The European Union Beyond the Crisis: Evolving Governance, Contested Policies, and Disenchanted Publics
The European sovereign debt crisis provides an excellent opportunity for examining the extent to which public preferences constrain member state preferences for EU policy solutions. We examine the influence of public opinion on austerity, spending, and regulation on member state preferences on 4 major EU solutions to the crisis from 20I0-2011: the initial Greek financial rescue, the creation of the European Stability Mechanism, the reform of the Stability and Growth pact, and enhanced EU financial regulation. Our analysis reveals that prior to elections and/or when there is a degree of fragmentation in the governing party or coalition public opinion constrains member state preferences. In the absence of these conditions, however, member states ignored public opinion and followed elite preferences concerning solutions to the sovereign debt crisis.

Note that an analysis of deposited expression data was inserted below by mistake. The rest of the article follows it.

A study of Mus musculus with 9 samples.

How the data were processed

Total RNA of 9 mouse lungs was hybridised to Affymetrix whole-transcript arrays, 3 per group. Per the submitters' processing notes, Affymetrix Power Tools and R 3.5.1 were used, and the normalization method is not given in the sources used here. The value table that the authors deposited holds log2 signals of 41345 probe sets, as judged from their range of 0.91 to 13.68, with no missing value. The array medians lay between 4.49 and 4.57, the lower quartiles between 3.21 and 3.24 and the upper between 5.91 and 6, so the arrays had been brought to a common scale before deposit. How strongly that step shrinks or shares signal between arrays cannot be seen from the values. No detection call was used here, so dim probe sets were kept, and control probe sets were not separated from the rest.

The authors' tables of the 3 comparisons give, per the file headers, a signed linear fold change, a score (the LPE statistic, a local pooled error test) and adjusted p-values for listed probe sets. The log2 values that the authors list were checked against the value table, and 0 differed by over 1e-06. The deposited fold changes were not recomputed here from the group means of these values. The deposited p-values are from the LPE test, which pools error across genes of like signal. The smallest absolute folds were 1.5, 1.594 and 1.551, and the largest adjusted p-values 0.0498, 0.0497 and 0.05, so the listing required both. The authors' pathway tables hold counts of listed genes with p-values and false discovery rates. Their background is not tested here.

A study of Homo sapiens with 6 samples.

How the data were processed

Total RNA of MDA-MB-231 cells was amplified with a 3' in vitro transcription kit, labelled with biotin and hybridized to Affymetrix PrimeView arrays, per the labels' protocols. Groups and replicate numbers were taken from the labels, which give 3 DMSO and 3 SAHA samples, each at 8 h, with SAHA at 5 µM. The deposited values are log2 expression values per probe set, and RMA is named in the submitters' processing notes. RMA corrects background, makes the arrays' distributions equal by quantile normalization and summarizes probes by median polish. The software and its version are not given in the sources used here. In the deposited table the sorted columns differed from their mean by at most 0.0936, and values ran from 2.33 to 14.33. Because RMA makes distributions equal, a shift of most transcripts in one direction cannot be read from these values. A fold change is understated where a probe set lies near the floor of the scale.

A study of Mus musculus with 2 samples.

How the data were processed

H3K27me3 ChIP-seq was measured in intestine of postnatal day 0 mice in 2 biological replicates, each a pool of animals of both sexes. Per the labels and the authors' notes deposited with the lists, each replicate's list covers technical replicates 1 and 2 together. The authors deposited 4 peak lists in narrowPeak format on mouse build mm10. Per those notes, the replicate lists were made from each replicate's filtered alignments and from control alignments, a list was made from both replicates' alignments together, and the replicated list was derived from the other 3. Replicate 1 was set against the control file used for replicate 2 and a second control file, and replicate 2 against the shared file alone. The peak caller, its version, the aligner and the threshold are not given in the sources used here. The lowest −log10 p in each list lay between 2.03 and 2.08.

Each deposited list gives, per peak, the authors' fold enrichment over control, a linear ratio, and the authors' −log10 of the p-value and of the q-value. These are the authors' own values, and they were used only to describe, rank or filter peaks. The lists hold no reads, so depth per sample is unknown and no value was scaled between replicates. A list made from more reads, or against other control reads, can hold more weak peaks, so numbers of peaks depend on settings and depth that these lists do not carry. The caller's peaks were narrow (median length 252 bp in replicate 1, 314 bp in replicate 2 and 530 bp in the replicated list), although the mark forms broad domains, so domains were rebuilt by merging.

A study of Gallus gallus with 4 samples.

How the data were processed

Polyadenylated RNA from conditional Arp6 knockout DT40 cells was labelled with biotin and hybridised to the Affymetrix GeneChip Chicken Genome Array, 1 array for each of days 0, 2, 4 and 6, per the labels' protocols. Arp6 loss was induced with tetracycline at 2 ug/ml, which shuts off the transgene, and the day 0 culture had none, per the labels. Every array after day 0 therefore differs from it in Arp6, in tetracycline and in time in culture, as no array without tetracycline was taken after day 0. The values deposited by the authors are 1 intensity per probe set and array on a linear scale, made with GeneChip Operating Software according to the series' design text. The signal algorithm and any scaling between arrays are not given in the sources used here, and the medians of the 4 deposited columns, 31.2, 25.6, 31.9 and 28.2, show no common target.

Boyle, Jennifer R. and Hasselmann, Chris. A Discernible Impact? The Influence of Public Opinion on EU Policymaking During the Sovereign Debt Crisis. The European Union Beyond the Crisis: Evolving Governance, Contested Policies, and Disenchanted Publics, , : 123-144, 2014. Retrieved from Loyola eCommons, Political Science: Faculty Publications and Other Works,
Creative Commons License
This work is licensed under a Creative Commons Attribution-Noncommercial-No Derivative Works 3.0 License.
© Rowman & Littlefield Publishing Group 2014.